SAN FRANCISCO — Mention the word carcinogen at a food industry convention and people start shifting uncomfortably in their seats. The phenomenon occurred again last week here at the California League of Food Processors' annual convention when a seminar on toxins in food began.
The league consists of firms involved in canning, freezing or drying the state's fruit and vegetable crop. Total production of the organization's members amounts to about half the nation's total processed produce.
Restlessness With Conflicting Information
The restlessness in the food industry over the safety issue is a result of conflicting information from government agencies, health professionals and consumer groups regarding the threats posed by various chemicals. Whether the focus was on additives, preservatives or pesticides, the message at this gathering was that science's ability to detect contaminants in food is so keen that a problem can be found virtually anywhere.
"In the past 20 years (technology) has improved radically in order to detect (harmful) substances in food from parts per million to a fraction of parts per billion," said Thomas H. Jukes Ph.D., UC Berkeley medical physics professor. "However, we don't know how much (of a substance) leads to cancer. One molecule is enough, some say."
Jukes went on to ridicule the one-molecule theory claiming that many widely used foods have proven to be cancer agents, yet the overall health of Americans has improved as measured by life expectancy. Additionally, the decision over whether to ban a particular chemical from foods is a judgment call most often made by politicians and not scientists, he said.
"If the public wants a bountiful food supply, then they must come to grips with pesticide residues in their foods," Jukes said.
For example, using a strict interpretation of federal statutes that require a ban on all cancer-causing substances would mean that dietary fats would be prohibited in foods, Jukes said. "Fats are a carcinogen, and if you eliminate those then you eliminate yourself."
Chemical Overdependence Charged
A toxicologic consultant to the Sierra Club said that Jukes was advocating an overdependence upon chemicals.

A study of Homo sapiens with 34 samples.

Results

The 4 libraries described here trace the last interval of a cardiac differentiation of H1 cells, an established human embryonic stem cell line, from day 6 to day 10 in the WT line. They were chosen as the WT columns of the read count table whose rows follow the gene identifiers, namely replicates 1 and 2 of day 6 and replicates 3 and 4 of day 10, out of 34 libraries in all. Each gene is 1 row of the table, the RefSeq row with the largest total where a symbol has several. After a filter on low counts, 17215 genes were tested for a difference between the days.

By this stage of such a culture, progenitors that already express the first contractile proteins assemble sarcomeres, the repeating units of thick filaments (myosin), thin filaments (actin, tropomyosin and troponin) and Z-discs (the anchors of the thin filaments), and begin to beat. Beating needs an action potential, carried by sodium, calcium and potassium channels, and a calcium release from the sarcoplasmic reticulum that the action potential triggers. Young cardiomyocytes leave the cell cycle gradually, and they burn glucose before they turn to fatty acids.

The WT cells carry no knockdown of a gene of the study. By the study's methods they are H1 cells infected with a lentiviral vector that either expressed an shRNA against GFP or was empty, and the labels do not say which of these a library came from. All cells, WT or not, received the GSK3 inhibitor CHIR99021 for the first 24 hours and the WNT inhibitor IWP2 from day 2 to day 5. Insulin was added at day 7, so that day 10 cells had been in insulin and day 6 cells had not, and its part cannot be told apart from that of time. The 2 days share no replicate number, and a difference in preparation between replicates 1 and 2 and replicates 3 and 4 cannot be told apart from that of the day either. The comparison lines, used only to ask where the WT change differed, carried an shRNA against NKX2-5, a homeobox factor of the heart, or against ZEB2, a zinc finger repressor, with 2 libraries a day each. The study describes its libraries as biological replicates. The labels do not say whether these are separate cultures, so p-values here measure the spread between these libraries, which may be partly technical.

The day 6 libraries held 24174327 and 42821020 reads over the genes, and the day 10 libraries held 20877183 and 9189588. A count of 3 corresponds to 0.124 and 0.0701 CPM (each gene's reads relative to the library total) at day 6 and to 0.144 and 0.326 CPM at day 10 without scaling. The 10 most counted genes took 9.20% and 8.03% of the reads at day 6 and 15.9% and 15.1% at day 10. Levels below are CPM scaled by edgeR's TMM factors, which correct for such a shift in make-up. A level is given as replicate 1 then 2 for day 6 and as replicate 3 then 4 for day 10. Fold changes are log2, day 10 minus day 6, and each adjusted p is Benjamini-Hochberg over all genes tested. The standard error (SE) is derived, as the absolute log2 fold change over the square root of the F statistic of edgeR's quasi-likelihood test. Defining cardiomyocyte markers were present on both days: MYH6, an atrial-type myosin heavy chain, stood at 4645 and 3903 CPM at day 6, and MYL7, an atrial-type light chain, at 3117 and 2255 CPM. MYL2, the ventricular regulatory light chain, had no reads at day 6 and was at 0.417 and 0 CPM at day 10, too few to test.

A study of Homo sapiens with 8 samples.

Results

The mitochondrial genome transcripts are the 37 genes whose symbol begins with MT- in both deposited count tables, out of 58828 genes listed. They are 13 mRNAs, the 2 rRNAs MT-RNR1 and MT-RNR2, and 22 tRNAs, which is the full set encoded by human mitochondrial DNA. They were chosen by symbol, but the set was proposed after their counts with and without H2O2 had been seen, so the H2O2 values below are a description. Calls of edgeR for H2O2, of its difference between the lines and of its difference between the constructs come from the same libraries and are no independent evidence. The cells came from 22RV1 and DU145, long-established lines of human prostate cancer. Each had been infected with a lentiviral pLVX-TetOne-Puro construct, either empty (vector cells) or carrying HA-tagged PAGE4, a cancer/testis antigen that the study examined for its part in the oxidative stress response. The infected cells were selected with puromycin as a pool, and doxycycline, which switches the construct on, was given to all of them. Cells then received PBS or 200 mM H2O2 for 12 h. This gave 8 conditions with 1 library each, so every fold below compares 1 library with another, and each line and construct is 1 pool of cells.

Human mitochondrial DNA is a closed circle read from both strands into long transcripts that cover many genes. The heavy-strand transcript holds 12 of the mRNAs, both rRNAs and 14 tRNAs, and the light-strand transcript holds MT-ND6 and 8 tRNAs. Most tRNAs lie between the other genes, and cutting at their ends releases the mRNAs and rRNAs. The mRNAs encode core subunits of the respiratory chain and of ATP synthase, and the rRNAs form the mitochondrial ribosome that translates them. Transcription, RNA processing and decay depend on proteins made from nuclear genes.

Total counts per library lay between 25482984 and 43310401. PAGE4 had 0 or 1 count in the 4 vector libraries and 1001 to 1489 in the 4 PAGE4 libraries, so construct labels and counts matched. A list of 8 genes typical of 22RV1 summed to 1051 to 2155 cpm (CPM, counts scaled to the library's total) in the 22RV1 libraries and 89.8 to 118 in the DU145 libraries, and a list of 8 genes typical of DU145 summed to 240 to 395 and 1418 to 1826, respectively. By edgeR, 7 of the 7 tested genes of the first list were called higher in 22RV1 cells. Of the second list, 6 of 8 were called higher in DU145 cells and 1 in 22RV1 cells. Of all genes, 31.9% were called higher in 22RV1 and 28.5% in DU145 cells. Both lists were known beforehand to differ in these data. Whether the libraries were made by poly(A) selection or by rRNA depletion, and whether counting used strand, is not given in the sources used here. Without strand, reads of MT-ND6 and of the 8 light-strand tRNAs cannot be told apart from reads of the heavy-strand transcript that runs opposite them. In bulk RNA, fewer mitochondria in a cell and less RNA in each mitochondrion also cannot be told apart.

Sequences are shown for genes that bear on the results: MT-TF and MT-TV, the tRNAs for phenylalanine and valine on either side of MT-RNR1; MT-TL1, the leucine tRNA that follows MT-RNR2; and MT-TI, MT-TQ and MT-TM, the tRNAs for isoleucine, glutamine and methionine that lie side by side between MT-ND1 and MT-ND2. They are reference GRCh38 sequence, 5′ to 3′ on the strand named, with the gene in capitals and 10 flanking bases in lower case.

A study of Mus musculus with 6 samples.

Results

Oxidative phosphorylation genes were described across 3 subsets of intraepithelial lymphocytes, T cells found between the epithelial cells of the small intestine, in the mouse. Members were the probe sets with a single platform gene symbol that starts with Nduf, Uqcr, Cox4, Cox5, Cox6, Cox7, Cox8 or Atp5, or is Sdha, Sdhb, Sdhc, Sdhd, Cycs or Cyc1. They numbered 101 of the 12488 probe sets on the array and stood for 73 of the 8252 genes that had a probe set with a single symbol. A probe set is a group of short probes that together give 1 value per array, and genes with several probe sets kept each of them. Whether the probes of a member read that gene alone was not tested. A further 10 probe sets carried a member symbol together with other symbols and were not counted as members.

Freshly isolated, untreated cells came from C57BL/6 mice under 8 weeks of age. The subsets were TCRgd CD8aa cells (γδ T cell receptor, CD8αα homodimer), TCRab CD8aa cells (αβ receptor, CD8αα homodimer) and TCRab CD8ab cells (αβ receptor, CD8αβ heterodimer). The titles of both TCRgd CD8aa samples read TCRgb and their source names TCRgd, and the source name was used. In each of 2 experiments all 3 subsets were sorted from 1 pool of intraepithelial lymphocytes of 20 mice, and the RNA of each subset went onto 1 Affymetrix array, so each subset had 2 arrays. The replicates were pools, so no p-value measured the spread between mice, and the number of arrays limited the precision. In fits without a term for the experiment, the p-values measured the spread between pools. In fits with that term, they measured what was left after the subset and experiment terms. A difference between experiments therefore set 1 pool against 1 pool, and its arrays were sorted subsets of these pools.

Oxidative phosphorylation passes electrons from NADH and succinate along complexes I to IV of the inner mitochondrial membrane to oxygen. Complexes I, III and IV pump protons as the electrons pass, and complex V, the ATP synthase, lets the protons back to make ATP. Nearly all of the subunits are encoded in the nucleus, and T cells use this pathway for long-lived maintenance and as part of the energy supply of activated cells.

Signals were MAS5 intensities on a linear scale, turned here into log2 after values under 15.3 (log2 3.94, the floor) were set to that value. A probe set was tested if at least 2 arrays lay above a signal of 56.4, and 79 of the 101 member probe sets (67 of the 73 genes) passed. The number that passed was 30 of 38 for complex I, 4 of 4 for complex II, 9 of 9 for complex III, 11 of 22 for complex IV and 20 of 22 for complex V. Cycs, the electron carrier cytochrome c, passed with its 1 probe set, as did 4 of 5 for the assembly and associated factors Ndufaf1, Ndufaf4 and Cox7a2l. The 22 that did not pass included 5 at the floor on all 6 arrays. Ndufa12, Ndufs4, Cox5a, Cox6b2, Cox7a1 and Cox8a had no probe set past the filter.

"I don't think it is a (choice between) 'we've got to have pesticides in our foods' or . . . maggots and fruit flies in (produce) or even a non-bountiful supply," said Alvin J. Greenberg Ph.D., in a telephone interview.
Additionally, Greenberg said the one-molecule theory may not be applicable at this time but it should serve as a goal for the future.
"We should aim to reduce the level of our exposure (to carcinogens) to the lowest level that we possibly can. We are living in a techno-chemical society that has made mistakes in the past and we need to clean them up. To accept certain levels of risks can be detrimental, particularly when it comes to eating food and drinking water," he said.
A pesticide manufacturers representative volunteered during the toxins seminar that his industry, and by inference agriculture in general, has a credibility problem.
"We have a terrible perception among the public," said Jack D. Early, Ph.D., president of the National Agricultural Chemicals Assn. "The actual threat (to consumers) from pesticides was recently ranked 29th in a science publication. Yet, in an accompanying public opinion survey, respondents placed pesticides in third place (in terms of public threat)."
Early said that chemical companies now must spend about $40 million in research in order to accumulate the data necessary for the government to approve a single pesticide versus $7 million that was required not long ago. The high costs have deterred development of new pesticides and have left farmers little choice but to rely on chemicals that insects are becoming increasingly resistant to.
On the Ragged Edge
"The problem is that we are on the ragged edge of not being able to protect some crops," he said.
Pesticides' image notwithstanding, the public perception of toxic substances in the environment has spurred an increase in the state's role.
"Public interest (in toxins, carcinogens, etc.) has exploded like no one thought it would," said Arnold Peters, consultant to the state Legislature's Assembly Committee on Consumer Protection and Toxic Materials. "Three or four years ago some news stories and research on toxins made the area a sideline (for California legislators). Today it is not."
Peters said that in 1984 more than 100 bills were introduced in the Assembly on toxic materials, including many related to agriculture and the food industry. The number is expected to increase this year because "everyone wants to carry (sponsor) a toxic materials bill," he said.
"It's a rather amazing phenomenon and an extremely volatile situation," Peters said.
In an interview apart from the toxins seminar, Robert A. Fox, chairman and chief executive officer for Del Monte Corp., said there is a growing concern over contaminants.
Good Track Record
"Food safety and the environment are more important to everyone. However, the food industry has a good track record on safety and is in the forefront of keeping (foods) safe."
For instance, Fox said that despite lingering questions on the safety of artificial sweeteners, such as cyclamates, saccharin and aspartame, there has been no corresponding decline in the consumption of diet soft drinks, which use the sugar substitutes.
"Things (contamination problems) do come up, but nothing dramatic. There have been no serious recalls of frozen or dried foods," Fox said.